From afar China appears to be staying afloat of the massive economic crisis affecting the world. The Diplomat takes a closer look into the tenuous economic structure keeping China ahead of the rest of the world.
China appeared to weather the global economic downturn better than most. But massive local government debt could bring growth to a screeching halt.
China’s remarkable economic rebound after the global economic crisis in 2008-2009 has been a source of envy and puzzlement for the rest of the world. Instead of recession, the Chinese economy has recorded double-digit growth, and is actually showing signs of overheating – a sharp contrast with the stagnation in most Western countries. How did the Chinese do it? Perhaps advocates of ‘Chinese exceptionalism’ are right after all: Beijing has found a secret formula of economic success that has eluded the West.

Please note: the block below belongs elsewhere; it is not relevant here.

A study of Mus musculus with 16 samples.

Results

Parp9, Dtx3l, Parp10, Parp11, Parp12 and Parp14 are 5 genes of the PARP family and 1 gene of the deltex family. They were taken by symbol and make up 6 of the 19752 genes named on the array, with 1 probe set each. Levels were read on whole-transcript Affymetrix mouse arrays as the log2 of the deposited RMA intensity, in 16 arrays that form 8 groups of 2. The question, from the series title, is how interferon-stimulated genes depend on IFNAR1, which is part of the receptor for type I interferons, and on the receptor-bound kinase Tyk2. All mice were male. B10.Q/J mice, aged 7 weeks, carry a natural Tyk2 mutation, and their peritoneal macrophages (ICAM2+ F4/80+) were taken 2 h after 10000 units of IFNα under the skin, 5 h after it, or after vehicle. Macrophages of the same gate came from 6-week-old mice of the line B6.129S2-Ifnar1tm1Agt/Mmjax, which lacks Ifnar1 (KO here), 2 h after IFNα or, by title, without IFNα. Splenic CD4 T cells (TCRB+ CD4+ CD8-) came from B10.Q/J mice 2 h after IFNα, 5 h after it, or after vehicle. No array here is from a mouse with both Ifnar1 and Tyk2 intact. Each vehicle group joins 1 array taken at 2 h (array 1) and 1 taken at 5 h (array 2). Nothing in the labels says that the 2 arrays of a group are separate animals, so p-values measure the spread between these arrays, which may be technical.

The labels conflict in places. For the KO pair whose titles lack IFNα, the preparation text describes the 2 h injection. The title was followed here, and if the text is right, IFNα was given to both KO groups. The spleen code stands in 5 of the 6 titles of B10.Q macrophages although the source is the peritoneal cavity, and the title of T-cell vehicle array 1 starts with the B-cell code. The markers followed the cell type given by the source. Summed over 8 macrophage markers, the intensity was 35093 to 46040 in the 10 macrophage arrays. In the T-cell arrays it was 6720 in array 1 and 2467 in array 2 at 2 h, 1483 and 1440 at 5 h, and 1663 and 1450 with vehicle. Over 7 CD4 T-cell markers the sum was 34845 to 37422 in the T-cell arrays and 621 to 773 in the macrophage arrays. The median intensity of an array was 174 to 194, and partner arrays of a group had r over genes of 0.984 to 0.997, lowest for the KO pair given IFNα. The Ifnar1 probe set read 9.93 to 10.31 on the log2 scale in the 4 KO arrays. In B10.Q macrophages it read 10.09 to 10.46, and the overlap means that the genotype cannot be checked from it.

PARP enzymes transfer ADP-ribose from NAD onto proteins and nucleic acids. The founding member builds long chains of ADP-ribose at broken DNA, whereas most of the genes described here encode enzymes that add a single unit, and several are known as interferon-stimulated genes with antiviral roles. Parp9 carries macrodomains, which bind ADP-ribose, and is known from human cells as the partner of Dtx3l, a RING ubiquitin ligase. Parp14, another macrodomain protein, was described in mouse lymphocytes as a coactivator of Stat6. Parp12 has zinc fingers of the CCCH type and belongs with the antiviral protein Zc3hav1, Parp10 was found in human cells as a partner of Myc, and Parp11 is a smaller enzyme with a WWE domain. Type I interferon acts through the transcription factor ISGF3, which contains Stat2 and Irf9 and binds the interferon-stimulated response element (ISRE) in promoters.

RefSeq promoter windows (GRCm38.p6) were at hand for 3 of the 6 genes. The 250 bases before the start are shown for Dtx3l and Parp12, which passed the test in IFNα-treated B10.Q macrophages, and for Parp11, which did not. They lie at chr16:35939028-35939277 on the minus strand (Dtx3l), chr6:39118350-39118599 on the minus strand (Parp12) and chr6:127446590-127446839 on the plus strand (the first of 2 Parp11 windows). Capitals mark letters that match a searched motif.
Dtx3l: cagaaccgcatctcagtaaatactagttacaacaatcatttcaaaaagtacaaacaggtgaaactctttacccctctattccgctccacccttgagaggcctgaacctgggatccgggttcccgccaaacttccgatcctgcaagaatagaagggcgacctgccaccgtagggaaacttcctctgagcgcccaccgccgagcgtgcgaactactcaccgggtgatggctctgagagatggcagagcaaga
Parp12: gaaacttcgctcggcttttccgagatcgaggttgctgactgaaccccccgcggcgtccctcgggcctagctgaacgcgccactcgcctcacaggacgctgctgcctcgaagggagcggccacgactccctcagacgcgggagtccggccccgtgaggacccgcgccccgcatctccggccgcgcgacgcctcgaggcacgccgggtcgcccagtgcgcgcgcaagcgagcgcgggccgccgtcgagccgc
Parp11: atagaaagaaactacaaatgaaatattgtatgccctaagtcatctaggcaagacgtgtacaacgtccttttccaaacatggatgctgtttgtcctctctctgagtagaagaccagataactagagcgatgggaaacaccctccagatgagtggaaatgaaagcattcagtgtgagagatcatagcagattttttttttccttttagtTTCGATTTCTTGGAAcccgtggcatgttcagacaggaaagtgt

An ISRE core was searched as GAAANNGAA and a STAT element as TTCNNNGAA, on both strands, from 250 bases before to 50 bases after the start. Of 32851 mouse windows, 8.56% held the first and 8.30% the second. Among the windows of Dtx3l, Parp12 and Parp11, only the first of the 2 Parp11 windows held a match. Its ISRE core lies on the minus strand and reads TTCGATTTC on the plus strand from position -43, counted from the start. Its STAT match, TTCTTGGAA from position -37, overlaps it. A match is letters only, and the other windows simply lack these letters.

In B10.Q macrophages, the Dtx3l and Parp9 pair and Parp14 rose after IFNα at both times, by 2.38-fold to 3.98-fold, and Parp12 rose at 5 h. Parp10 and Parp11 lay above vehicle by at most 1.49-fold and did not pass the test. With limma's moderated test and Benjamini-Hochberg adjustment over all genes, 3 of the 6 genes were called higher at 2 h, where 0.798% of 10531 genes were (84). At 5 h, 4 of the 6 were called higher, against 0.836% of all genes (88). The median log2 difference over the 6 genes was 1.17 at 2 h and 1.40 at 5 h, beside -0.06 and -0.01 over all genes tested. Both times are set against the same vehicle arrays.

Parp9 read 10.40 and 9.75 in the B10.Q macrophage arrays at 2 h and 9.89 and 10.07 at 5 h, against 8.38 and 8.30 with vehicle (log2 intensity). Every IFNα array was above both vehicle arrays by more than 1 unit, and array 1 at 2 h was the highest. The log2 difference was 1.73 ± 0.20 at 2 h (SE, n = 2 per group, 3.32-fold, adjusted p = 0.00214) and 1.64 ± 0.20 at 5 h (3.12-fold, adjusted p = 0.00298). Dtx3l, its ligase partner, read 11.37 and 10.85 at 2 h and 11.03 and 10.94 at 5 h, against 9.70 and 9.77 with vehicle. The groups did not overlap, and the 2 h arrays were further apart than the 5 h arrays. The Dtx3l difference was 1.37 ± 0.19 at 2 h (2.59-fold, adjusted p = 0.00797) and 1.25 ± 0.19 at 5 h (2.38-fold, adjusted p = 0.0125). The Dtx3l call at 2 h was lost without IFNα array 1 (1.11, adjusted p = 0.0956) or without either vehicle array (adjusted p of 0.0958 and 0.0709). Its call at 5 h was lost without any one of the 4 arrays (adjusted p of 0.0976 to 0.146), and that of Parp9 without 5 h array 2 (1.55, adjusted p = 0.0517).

Part of the answer to this mystery was given in late June by the Chinese government. It turns out that Beijing has managed to keep its economy growing during the global slump by resorting to massive bank lending to local governments, which then went on an infrastructure spending binge that’s certain to haunt the country for years to come. If we remember the causes of the economic crisis that has ravaged the United States and Western Europe, the most important one is something euphemistically termed ‘credit boom’ – excessive lending and borrowing that fuelled housing bubbles and unsustainable consumption. China seems to have been afflicted with the same disease, with only one major variation: much of the debt incurred in China has gone into the infrastructure sector, not consumption. So much for Chinese exceptionalism.